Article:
Think last winter was tough? Good thing you weren’t here for the winter of 1687.
That winter was so bad that the garrison that became Old Fort Niagara in 1726 was mostly wiped out. Thankful for the dozen who survived, a Jesuit priest put up a cross by the water. Standing there now, all you can think is: How lucky we are.
Where else in Western New York would you find yourself thinking about the winter of 1687?
Old Fort Niagara, in Youngstown, is more than a beautiful, first-class historic site. It is a time machine. Cars are tucked in a back lot, invisible. The visitors center, too, is out of sight. Also absent are those velvet ropes that tell you “Don’t go here” and wrench you back to the present. Vintage Bausch and Lomb coin binoculars, practically historic in their own right, allow you to peer at Toronto across the lake. Otherwise, it’s just the 18th century, as far as the eye can see.
That is a very rare thing, and it can be disorienting. Like the last of the Mohicans, you pore over your map. Redoubts, you realize, are watchtowers. The Dauphin Battery, built the year Mozart was born, refers to an arsenal of cannons. That building with the massive arched ceiling – ah, that must be the Powder Magazine.
Crack! A musket startles you. Yes, you are officially back in the French and Indian War.
Fort Niagara often plays host to re-enactors and other groups. On a recent Monday, the fort welcomed four fife-and-drum corps – from New York State, France, Belgium and Italy. All in uniform, they marched to the center of the square. The Americans played “Yankee Doodle.” The French played the PBS “Masterpiece Theatre” theme. The drums’ sound bounced off the buildings, doubling the barrage.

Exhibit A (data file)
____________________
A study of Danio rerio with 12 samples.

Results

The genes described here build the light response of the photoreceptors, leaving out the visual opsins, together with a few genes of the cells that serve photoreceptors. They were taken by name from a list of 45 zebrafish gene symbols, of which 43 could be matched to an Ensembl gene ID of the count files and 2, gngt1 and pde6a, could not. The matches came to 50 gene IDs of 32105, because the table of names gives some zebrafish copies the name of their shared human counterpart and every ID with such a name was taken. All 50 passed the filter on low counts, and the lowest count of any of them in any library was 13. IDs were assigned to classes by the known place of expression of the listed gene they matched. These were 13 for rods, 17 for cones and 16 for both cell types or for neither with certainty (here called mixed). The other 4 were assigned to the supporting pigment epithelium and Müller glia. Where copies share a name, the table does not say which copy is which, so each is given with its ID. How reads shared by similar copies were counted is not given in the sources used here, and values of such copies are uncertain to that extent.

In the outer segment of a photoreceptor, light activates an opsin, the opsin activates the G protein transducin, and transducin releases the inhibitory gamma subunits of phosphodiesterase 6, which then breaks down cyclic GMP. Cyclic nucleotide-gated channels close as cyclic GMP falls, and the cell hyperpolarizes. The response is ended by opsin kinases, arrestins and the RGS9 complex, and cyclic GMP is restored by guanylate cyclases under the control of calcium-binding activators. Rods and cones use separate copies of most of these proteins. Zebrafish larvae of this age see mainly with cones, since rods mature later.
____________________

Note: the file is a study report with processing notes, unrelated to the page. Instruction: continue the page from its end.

In the Dauphin Battery, the multigenerational Fisher family was snapping pictures.
“This is the kids’ favorite part about coming here, getting their pictures taken on the cannons,” said their mom, Rachel.
Lydia Fisher, the children’s grandmother, grew emotional contemplating the fort’s lessons of history.
“You learn the truth,” she declared.
And sometimes you get a funny feeling.
Looking out the slitted windows of the French Castle, built in 1726, you can’t help picturing the soldiers who stood where you are standing. The altar in the castle’s Jesuit Chapel – the oldest lasting church in Western New York – is set with six candles, as if a High Mass is about to begin. There is a kneeler in case you want to say a prayer.
Such drama this building has seen. The roof was fitted with ramparts in the War of 1812 in order to battle Canada’s newly built Fort George. Since 1839 it has been whispered that a headless French officer haunts the first floor well. He appears when the moon is full.
Now, on a Monday afternoon, Fort Niagara snoozed peacefully across the water from its old nemesis, the similarly sleepy Fort George. As the musicians dispersed, the French Castle fell silent. The fort’s fat orange tabbie, Leopold, rolled over on a wooden table and purred.
Outside, the sunlight was startling. The visitors milling about the lovely landscape seemed oddly dreamlike: children, veterans, Indians in saris, Muslims in headscarves, Italian musicians in red and green uniforms. We fed quarters into the binoculars. We smiled at each other.
O’er the ramparts we watched, together.